Creating Security Profiles for IoT Devices
One of the big advantages to using AWS as a management platform for your IoT devices is that you can create security profiles that are able to generate alerts in response to conditions that might indicate a security issue.
In a recent blog post, I explained how to deploy an agent to an IoT device, which would allow the device to communicate with AWS. One of the big advantages to using AWS as a management platform for your IoT devices is that you can create security profiles that are able to generate alerts in response to conditions that might indicate a security issue. In this blog post, I will show you how to create a security profile for your devices.
Before I get started, I need to point out that this blog post assumes that you have already connected one or more IoT devices to AWS. If you haven’t, and you need some help, then be sure to check out my other blog post.
So with that said, open the AWS IoT console, expand the Detect container, and click on the Alarms tab. When you do, you will see a screen prompting you to create your first security profile. Click the Create Your First Security Profile button and you will be asked if you want to create a machine learning (ML) anomaly detect profile or if you would rather create a rule based anomaly detect profile. You can see what this looks like in Figure 1. For the purposes of this blog post, I will be creating a ML anomaly detect profile, which you can see in Figure 2.
The first thing that you will need to do is to choose the devices that the profile will apply to. You won’t be able to select individual devices, but you can choose one or more device groups. If you haven’t organized your devices into groups, then another option is to choose All Things.
Next, you will need to enter a name for the security profile that you are creating, along with an optional description. The description should convey what the policy does or why it was created.
The next step in the process is to choose the metrics that you want to include in the policy. You can create a policy that is based on a single metric, but you can also bundle multiple metrics into a single policy.
If you look back at the previous figure, you will notice buttons used to add cloud-side metrics and to add device-side metrics. Most of the cloud-side metrics are included in the policy by default, but you can remove metrics by selecting them and clicking the Delete button. To add device-side metrics, just click on the Add Device-Side Metric button and then choose the metrics that you want to add from the dropdown menu. Keep adding and deleting metrics until your policy contains only the metrics that you want to include.
Although it is cut off in the screen capture, the Set Basic Configurations screen also contains an option to create an SNS topic for alerts that are generated.
When you are done, click Next, and you will be taken to the Edit Metric Behaviors screen. If you are creating an ML anomaly detect profile, you won’t generally have to worry about editing metric behaviors. However, the Edit Metric Behaviors screen allows you to make changes to the metrics’ behavior if necessary. For example, you might want to change the ML detect confidence level to a lower value or turn off the suppression of notifications. You can see what this screen looks like in Figure 3.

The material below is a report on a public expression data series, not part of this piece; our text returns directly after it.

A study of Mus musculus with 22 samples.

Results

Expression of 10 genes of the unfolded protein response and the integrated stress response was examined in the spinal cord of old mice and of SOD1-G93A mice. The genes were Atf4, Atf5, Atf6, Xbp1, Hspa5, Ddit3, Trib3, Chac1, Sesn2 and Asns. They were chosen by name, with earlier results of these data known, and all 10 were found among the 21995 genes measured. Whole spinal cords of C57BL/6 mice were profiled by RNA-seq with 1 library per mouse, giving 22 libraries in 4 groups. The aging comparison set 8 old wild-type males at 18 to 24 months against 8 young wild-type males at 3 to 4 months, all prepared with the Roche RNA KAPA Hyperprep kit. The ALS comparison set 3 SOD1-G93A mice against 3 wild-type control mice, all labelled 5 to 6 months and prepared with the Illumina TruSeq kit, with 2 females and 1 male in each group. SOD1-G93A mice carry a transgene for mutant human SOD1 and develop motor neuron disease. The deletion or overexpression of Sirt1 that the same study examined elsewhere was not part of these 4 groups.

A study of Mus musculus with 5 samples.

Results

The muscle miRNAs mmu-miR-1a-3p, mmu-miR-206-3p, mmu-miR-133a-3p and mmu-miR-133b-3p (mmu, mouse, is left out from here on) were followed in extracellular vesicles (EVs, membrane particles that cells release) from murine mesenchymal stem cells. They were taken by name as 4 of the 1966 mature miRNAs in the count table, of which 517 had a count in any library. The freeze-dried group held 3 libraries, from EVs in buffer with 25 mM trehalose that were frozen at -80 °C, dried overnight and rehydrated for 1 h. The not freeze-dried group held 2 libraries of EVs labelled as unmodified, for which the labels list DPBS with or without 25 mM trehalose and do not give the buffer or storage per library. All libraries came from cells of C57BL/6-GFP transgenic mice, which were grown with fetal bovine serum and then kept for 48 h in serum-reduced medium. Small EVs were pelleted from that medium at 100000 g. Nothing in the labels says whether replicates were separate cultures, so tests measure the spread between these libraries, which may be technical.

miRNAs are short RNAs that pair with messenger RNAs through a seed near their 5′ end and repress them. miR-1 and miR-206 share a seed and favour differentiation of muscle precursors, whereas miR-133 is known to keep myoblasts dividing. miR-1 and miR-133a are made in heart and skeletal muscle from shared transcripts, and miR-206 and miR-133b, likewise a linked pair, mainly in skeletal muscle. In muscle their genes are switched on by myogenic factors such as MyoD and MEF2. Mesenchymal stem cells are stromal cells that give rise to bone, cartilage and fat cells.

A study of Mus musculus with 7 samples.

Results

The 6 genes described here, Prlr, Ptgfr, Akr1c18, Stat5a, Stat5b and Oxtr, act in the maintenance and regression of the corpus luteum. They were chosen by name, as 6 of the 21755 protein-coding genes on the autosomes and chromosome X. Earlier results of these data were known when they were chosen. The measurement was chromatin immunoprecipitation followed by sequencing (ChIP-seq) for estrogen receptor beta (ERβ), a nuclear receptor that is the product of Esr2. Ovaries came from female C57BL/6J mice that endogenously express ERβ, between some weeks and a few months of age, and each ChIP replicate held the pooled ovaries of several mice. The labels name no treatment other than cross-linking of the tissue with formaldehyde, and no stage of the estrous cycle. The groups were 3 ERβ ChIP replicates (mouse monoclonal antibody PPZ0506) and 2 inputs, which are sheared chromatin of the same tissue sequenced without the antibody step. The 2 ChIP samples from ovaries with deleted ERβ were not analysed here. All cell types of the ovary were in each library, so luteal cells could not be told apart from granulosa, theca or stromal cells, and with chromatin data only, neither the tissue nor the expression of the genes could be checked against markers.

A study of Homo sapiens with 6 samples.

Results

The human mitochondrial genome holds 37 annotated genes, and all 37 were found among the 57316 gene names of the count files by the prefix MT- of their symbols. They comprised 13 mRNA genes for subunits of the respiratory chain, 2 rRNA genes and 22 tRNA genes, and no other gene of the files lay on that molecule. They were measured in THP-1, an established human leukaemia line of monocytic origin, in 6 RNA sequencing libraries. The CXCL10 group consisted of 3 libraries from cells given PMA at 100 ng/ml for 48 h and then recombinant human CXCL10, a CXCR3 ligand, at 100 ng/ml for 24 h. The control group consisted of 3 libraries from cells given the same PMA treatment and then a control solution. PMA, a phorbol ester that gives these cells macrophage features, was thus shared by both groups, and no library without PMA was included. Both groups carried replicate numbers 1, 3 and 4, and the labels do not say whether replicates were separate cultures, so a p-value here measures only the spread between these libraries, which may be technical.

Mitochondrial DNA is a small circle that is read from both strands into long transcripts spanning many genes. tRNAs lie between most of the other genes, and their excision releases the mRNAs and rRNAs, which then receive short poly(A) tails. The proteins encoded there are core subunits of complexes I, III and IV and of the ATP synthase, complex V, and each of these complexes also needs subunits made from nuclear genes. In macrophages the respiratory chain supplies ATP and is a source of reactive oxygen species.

Click Next, and you will be taken to the Review Configuration screen. Take a moment to make sure that the information presented on this screen is correct and then click the Create ML Security Policy button, shown in Figure 4.
When you are done, you will see the new profile listed on the Security Profiles screen, as shown in Figure 5.
If the security policy triggers an alarm, that alarm will be displayed within the Alarms tab, shown in Figure 6. This tab shows which thing (IoT device) triggered the alarm, the security profile that detected the event, the behavior state and the verification state. Verification states are used to classify alarms. For example, you might classify an alarm as a false positive or as benign. This classification can help the security staff to know which alarms need to be investigated further.
Brien Posey is a 20-time Microsoft MVP with decades of IT experience. As a freelance writer, Posey has written thousands of articles and contributed to several dozen books on a wide variety of IT topics. Prior to going freelance, Posey was a CIO for a national chain of hospitals and health care facilities. He has also served as a network administrator for some of the country’s largest insurance companies and for the Department of Defense at Fort Knox. In addition to his continued work in IT, Posey has spent the last several years actively training as a commercial scientist-astronaut candidate in preparation to fly on a mission to study polar mesospheric clouds from space. You can follow his spaceflight training on his Web site.